The crisis of affordable housing, both rental and ownership, is causing families to move frequently as they find it difficult to make monthly housing payments. This can occur when rents are raised, when mortgages are re-set, when property taxes are increased, or when housing costs pile up.
It can also occur when incomes unexpectedly shrink — something that could be becoming more common in a recession-prone economy.
Residential mobility is nearly always accompanied by school mobility for children. According to Chester Hartman and Todd Michael Franke:
A key observation about school instability is that, largely, it is a function of residential instability: The families of highly mobile schoolchildren move frequently, for a range of reasons, most of which are disruptive, rather than planned and desired. They are evicted for nonpayment of rent or utility bills. They live in gentrifying areas where rents have climbed beyond their ability or willingness to pay. They are forced to move because of housing code enforcement, fires, and other endangering conditions. They become unemployed. They are displaced by the workings of government programs and eminent domain actions.
The currently mounting number of housing foreclosures could be pushing residential instability and school mobility to new levels as families are being forced to move. The rising energy prices could also be contributing to non-payment of utility bills, and subsequent housing mobility and school mobility.
In addition, some families live in inherently unstable situations. Like living in motels during off-tourist season, and then moving out when the tourist season begins. This seems to be the situation of some Native American families in South Dakota. According to Bryant High Horse Jr., a school counselor and member of the Rosebud Sioux Tribe:
In the fall to spring, they [Native American adults] are able to find jobs, but no housing, so they will live in motels. During the summer and the tourist season, the cost of staying in the motels increases, and they move back to reservations. Then comes the fall. The families return to Rapid City, to a different motel—and a different school.
According to Rick St. Germaine of University of Wisconsin-Eau Claire:
Native American students transfer freely among the array of schools located within the overlapping districts on Indian reservations as the continuing search for improved learning opportunities increases with the proportionate failure of the schools to resolve their learning needs. Student mobility for Native Americans is further compounded by the growing numbers of poverty-stricken families moving from Indian reservation communities to the cities in search of economic opportunities. Inner-city residencies don’t result in significant improvement for family self-sufficiency, and children are often caught up in a confusing twist of change, hopping back and forth from rural to urban and back again to rural settings as economic demands set the course of family instability.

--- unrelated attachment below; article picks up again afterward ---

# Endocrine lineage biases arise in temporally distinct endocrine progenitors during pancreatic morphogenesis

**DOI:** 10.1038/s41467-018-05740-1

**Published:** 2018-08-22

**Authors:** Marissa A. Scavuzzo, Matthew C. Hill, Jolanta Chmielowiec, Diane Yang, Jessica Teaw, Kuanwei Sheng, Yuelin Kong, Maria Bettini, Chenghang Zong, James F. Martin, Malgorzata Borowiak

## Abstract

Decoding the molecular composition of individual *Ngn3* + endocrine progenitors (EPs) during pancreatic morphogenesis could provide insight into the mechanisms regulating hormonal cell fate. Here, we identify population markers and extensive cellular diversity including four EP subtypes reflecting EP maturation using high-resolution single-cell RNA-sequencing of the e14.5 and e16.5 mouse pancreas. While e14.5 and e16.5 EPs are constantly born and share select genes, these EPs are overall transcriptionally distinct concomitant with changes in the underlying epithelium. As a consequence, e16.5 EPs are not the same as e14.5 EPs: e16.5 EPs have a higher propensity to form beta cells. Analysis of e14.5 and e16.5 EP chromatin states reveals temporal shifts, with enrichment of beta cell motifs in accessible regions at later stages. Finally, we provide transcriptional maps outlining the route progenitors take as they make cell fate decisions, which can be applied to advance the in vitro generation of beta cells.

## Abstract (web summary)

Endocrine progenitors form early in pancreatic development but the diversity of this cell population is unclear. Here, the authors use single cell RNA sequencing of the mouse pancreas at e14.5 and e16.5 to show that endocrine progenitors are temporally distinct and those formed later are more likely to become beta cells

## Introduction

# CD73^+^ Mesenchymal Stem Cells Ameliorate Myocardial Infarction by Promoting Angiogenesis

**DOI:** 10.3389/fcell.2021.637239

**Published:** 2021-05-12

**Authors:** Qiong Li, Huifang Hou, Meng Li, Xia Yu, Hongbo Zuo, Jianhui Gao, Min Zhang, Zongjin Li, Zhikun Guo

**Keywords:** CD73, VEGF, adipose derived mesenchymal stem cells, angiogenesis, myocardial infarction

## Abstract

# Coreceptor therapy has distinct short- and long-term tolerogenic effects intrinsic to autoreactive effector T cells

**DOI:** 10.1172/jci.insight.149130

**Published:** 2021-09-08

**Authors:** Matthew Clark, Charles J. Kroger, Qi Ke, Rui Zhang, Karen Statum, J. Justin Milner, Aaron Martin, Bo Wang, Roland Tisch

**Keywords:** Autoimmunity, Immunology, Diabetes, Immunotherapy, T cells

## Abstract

Such residential and school instability, according to education experts, is harmful for children’s education.
According to David Kerbow, senior research associate at the Center for Urban School Improvement at the University of Chicago: “Particularly in mathematics, students may miss important content being taught if curricula [between schools] aren’t aligned or concepts are taught in different ways.”
A study of schools in California found that even students who had not moved had significantly lower test scores in schools that faced high student mobility rates. This is because in schools with high mobility, teachers and administrators face added stress and burnout coping with new students and a changing class composition. Such instability can be disruptive for the entire class, including students who did not move. Student mobility is more widespread in California than in any other state.
Frequent moves are far more harmful than just a couple of moves over a child’s school career. According to Sheila Crowley:
Moves that result in multiple life changes, including neighborhood and school, and that sever ties to social networks are harder for children to withstand than are simpler changes. Frequent moves or “hypermobility,” defined as six or more moves during childhood, are far more damaging than one or two well-spaced moves. Moves that are sudden or unplanned and that are the result of family disruption, such as divorce, death, or eviction, carry the most serious risk of emotional or psychological harm.
Lower-income families, minorities, non-married households, and renters are more likely to move frequently than other groups. Involuntary student mobility or student mobility under adverse circumstances could be hindering children from disadvantaged backgrounds from acquiring the educational wherewithal to be even modestly successful in an increasingly competitive world. America’s human resources are wilting, and channels for upward economic mobility are being blocked by our failure to address a need as basic as shelter.
A two-pronged approach — to make available reasonably priced housing (rental and owner-occupied), and to ensure a living wage and jobs for all American families — is needed. No one in America should have to live for part of the year in a motel and be shunted around from motel to reservation because of lack of stable affordable housing.